On view: March 12 - July 2, 2022
Opening Reception: Saturday, March 12, 2022, 3:00 - 6:00pm
“Puʻuhonua are safe places where we can go to heal, reset and realign to our place in life and our kuleana. Traditionally, it could be a person like an aliʻi, or it could be an enclosed portion of ʻāina like here at Hōnaunau. I feel our world continues to need these safe places….those that already exist and those we can create. They remind us that our lives are filled with choices, and sometimes we just need the time, space, safety and a little bit of compassion to contemplate and accept our place in everything. They help us direct our path in this journey of life.” - Kanani Enos, 2021
Where—and who—are your puʻuhonua? Reflecting on puʻuhonua, places and people of peace and safety, artists featured in this exhibition explore concepts of refuge, sanctuary and healing, providing contemporary interpretations of its meaning through sculptural works, paintings, drawings, performance documentation, digital illustrations, as well as fiber and book arts.
This exhibition encourages participants to reflect on their own places of refuge–whether they are literal places or people–or an energy, action, idea or state-of-mind. What differentiates puʻuhonua from other spaces? Puʻuhonua also asks questions about access to these places of refuge: When does one feel the need to access puʻuhonua? What prevents one from arriving at puʻuhonua? What kuleana exists once puʻuhonua are acknowledged? How do we mālama our puʻuhonua?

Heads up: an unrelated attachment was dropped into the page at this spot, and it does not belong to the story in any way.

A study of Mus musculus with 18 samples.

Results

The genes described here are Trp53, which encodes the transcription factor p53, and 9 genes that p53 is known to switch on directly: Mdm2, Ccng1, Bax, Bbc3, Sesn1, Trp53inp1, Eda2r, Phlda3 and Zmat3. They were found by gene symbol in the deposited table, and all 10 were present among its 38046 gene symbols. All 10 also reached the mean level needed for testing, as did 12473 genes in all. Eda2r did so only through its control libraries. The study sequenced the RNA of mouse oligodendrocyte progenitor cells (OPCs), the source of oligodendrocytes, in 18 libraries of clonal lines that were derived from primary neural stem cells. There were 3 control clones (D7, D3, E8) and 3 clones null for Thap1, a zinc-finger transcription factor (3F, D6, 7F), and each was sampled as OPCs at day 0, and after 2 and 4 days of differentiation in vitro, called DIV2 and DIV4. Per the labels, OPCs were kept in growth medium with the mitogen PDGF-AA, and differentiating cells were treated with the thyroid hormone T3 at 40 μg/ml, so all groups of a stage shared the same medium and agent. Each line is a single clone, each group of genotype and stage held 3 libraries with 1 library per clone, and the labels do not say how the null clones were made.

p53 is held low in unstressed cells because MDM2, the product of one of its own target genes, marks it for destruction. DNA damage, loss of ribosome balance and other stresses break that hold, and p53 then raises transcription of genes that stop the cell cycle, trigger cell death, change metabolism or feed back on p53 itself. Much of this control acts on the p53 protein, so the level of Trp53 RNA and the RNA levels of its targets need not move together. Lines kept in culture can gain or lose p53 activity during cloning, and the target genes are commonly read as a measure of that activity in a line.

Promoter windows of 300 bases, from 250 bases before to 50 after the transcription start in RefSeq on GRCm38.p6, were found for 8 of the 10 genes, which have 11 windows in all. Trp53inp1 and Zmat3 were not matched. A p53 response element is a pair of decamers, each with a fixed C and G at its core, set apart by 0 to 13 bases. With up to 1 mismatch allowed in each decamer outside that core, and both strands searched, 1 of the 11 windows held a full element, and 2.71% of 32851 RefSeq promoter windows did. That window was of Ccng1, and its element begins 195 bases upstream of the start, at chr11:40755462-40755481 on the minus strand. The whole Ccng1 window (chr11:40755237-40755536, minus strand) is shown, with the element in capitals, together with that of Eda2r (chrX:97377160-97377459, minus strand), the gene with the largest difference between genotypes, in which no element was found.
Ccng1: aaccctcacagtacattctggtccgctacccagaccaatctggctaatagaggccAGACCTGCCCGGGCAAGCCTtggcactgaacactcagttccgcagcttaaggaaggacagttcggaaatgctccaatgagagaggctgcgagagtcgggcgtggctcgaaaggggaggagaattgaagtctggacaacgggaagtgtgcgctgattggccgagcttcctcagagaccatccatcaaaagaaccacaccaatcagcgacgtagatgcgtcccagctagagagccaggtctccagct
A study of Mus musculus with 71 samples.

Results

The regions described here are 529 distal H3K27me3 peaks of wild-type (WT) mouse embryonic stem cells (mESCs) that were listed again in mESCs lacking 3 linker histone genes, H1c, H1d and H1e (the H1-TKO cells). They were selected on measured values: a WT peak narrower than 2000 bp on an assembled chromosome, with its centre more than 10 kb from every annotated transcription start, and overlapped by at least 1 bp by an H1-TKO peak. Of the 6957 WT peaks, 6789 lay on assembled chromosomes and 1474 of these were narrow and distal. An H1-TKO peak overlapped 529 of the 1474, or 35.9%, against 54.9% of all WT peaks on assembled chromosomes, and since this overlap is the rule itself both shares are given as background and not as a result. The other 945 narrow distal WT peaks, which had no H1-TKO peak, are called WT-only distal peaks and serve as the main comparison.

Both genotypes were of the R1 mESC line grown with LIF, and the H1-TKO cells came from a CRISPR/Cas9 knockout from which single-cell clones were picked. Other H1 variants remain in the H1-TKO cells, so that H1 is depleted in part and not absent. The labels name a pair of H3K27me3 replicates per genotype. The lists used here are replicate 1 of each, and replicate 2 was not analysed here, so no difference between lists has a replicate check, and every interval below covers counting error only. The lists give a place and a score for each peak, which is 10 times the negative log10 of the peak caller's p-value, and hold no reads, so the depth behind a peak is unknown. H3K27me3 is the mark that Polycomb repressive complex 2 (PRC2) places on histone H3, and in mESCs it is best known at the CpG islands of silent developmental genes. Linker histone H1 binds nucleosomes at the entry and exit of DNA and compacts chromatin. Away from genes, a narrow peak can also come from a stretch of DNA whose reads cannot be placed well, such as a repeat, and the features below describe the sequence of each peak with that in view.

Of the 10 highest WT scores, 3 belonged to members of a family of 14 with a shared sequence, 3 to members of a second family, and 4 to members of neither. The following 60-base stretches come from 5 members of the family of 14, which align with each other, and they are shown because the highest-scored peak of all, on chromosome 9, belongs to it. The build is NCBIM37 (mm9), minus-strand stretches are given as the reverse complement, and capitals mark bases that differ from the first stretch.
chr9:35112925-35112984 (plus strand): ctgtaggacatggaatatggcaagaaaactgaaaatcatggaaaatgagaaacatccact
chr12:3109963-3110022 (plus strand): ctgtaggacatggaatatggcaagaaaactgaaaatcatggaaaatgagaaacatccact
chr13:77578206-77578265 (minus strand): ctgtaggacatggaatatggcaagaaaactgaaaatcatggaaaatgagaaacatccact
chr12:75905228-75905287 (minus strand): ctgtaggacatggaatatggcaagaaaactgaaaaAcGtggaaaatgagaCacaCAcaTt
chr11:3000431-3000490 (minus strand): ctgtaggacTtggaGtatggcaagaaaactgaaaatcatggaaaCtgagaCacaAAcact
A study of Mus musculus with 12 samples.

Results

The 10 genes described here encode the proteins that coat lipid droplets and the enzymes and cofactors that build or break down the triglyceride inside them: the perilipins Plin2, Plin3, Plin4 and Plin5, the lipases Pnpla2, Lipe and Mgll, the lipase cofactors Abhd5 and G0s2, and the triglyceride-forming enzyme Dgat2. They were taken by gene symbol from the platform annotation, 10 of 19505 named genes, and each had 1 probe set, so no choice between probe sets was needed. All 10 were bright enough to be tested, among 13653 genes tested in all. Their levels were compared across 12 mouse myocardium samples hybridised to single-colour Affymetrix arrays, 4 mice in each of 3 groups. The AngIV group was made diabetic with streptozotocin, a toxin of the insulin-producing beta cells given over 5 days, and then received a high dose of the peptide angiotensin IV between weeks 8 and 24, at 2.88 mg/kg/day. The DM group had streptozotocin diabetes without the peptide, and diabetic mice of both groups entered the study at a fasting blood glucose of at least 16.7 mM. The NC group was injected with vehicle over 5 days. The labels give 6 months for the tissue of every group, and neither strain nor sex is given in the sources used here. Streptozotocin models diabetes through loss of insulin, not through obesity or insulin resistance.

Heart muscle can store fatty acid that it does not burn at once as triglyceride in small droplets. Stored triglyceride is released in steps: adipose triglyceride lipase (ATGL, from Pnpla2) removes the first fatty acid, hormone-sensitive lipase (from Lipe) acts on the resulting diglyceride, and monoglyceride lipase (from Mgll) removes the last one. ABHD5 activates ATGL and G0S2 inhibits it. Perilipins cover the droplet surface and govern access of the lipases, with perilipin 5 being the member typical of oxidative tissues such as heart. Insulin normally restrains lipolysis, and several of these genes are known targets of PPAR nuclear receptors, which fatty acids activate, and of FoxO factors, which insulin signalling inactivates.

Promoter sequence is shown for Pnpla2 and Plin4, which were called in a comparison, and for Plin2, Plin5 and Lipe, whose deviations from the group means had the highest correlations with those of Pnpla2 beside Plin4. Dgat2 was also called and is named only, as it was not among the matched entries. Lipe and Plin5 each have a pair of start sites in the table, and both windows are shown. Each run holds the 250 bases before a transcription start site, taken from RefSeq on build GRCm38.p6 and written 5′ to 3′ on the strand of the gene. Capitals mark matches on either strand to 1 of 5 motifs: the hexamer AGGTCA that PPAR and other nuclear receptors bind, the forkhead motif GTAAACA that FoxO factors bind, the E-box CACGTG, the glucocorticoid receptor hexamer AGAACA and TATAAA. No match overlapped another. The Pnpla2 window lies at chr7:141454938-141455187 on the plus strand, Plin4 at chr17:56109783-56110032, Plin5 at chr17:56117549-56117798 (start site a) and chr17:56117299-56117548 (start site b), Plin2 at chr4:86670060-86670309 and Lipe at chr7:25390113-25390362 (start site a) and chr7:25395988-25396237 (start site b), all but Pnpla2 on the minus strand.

Exhibition programming through July 2, 2022 will dive into conversations about the value of puʻuhonua in the context of local and global communities.
Participating Artists: Nanci Amaka, Reem Bassous, Angaea Cuna, Kūpono Duncan, Nicole Makaʻāhinaʻālohilohi Jack, Jesse Kekoa Kahoʻonei, Chenta Laury, Nanea Lum, Conall Kahakaʻio Ravenscraft, Cory Kamehanaokalā Holt Taum, and Maikaʻi Tubbs.
This exhibition and programs are made possible by the support of Hiroaki, Elaine & Lawrence Kono Foundation, the Hawaiʻi Community Foundation’s CHANGE Grant, and The Hazen Family Foundation with in-kind support provided by Mokulele Airlines.